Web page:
Cancer Therapy Game Changer Could Lie in Bacteria-Based Chemo

A new study from NUS Medicine reveals a revolutionary approach to chemotherapy, significantly reducing side effects and improving drug efficacy
Health & Medicine
June 10, 2024

In the ongoing battle against cancer, traditional chemotherapy has long been a double-edged sword, offering a vital lifeline but at the cost of severe side effects, collateral damage to healthy tissues, and often limited efficacy.

Enter a groundbreaking advancement from the researchers at the Yong Loo Lin School of Medicine, National University of Singapore (NUS Medicine). They have unveiled a transformative approach to cancer therapy—one that promises to be more targeted, effective, and far less toxic than conventional methods. This novel technique not only enhances the potency of treatments but also significantly reduces the required dosage of chemotherapy drugs.

Under the leadership of Associate Professor Matthew Chang, the team at the NUS Synthetic Biology for Clinical and Technological Innovation (SynCTI) and the Synthetic Biology Translational Programme (Syn Bio TRP) has pioneered a new drug delivery system that could revolutionize cancer treatment. Published recently in Nature Communications, their findings introduce an innovative method that delivers chemotherapy drugs directly to tumor sites by leveraging the natural interactions between bacteria and cancer cells.

This new method centers around prodrugs—inactive molecules that become active within the body, particularly in the unique conditions of tumor environments, such as low oxygen or high acidity. This activation at the cancer site minimizes harm to healthy tissues. While current prodrug strategies often lack precise targeting and rely on complex carriers, the researchers at NUS Medicine have overcome these hurdles with a novel approach.

The team developed a prodrug delivery system using a commensal Lactobacillus strain that specifically binds to cancer cells through a surface molecule called heparan sulfate. These engineered bacteria carry a prodrug that converts into the chemotherapy drug SN-38 directly at the tumor site. In preclinical models of nasopharyngeal cancer, the engineered bacteria localized precisely in the tumor, releasing the drug and reducing tumor growth by 67% while increasing the drug's effectiveness by 54%.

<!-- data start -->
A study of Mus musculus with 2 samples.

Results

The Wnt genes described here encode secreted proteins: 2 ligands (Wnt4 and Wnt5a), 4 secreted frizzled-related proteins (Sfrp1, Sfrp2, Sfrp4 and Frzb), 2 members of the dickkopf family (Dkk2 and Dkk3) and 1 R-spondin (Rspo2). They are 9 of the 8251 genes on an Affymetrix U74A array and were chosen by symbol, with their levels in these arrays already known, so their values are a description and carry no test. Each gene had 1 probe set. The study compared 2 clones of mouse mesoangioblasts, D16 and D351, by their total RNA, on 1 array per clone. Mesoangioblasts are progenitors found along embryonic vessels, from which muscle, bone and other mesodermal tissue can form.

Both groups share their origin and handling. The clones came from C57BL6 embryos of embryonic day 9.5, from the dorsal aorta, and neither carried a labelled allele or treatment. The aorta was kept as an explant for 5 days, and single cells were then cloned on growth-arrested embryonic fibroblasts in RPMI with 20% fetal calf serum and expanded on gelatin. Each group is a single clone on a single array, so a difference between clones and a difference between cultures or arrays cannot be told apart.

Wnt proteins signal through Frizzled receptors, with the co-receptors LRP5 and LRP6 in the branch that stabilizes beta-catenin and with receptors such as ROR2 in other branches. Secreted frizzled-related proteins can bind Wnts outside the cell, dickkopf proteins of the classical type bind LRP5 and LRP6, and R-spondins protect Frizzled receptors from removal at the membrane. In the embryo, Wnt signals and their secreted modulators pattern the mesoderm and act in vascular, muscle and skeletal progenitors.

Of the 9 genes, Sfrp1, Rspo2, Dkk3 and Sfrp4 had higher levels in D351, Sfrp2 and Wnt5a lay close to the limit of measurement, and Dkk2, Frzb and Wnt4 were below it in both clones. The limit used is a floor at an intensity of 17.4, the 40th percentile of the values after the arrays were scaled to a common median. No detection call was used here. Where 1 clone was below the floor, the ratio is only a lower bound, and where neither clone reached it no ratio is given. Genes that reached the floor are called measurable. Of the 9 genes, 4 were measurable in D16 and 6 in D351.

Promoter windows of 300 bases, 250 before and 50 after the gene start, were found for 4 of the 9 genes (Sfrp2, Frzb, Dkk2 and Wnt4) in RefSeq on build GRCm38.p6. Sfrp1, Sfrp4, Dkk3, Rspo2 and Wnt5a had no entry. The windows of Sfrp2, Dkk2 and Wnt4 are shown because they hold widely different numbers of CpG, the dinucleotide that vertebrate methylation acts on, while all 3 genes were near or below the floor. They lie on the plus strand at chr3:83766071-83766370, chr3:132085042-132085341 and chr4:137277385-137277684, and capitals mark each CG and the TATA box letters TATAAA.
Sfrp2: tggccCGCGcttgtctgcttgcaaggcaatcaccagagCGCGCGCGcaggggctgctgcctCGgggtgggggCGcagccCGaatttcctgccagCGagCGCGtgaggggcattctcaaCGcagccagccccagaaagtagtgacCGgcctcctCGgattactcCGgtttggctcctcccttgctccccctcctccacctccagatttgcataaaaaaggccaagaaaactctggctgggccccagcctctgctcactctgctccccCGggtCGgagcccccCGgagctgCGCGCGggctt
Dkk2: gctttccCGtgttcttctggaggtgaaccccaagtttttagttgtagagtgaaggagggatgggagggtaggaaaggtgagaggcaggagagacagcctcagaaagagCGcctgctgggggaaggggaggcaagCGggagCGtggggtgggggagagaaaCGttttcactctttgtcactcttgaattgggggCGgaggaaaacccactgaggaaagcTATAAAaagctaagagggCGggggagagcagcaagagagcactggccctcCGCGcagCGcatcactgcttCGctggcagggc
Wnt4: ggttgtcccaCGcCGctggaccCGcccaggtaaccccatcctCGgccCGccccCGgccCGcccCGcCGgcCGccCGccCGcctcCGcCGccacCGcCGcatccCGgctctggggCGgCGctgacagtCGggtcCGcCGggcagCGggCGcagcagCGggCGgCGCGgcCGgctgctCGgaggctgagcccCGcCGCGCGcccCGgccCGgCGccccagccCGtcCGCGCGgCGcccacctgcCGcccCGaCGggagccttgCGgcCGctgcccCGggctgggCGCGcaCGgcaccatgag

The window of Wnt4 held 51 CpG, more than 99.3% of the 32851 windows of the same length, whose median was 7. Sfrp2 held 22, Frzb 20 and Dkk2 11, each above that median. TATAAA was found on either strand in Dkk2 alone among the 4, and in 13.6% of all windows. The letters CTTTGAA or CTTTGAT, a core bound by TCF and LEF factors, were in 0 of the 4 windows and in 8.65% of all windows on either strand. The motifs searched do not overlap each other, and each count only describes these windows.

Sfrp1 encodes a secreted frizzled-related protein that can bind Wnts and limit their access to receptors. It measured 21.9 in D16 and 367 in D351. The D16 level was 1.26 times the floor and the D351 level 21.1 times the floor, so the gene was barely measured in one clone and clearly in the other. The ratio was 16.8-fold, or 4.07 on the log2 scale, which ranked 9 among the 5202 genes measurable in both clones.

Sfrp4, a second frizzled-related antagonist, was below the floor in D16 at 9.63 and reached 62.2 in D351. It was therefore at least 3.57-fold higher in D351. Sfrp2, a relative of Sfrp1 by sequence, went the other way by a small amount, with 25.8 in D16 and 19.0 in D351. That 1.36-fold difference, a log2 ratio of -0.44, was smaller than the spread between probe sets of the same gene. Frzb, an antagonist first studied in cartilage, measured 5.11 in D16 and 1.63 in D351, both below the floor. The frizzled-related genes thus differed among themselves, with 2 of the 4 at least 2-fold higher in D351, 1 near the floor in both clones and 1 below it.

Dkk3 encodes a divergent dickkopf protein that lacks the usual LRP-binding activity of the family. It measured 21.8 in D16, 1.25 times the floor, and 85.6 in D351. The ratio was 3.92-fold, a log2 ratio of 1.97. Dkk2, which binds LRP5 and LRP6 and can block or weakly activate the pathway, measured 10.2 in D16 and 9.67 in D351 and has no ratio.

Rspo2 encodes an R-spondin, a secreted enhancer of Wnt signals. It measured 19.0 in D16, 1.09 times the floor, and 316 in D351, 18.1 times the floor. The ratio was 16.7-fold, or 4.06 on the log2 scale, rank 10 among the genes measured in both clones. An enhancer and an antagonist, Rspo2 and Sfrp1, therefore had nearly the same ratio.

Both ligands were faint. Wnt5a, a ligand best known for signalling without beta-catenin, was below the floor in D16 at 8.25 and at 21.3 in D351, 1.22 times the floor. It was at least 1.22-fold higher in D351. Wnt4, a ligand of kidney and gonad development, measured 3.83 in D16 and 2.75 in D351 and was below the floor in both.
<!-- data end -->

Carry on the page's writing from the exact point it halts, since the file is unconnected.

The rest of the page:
What makes this research particularly promising is its potential applicability across various cancer types. The Lactobacillus strain identified by the researchers binds specifically to cancer cells, opening doors for a broader range of treatments. Dr. Shen Haosheng, Research Fellow at SynCTI, emphasized this potential: “By harnessing the affinity between bacteria and cancer cells, we aim to revolutionize chemotherapy delivery. We are evaluating the binding affinity of several microbial strains to multiple cancer cell lines with the aim of developing a versatile delivery system using microbial strains to target chemotherapy drugs for various mucosal cancers, such as colorectal, bladder, stomach, oral, lung, and nasal cancer.”

Associate Professor Chang, Dean’s Chair in Medicine and Director of SynCTI and NUS Medicine Syn Bio TRP, added: “Cancer treatment often takes a tremendously heavy toll on patients. Our research represents a significant step toward developing a more targeted and less toxic approach to fighting cancer. We hope this can pave the way for therapies that are both mild and effective.”

In the fight against cancer, these pioneering efforts from NUS Medicine may well signal a new era of hope and healing, transforming the landscape of cancer treatment with precision and compassion.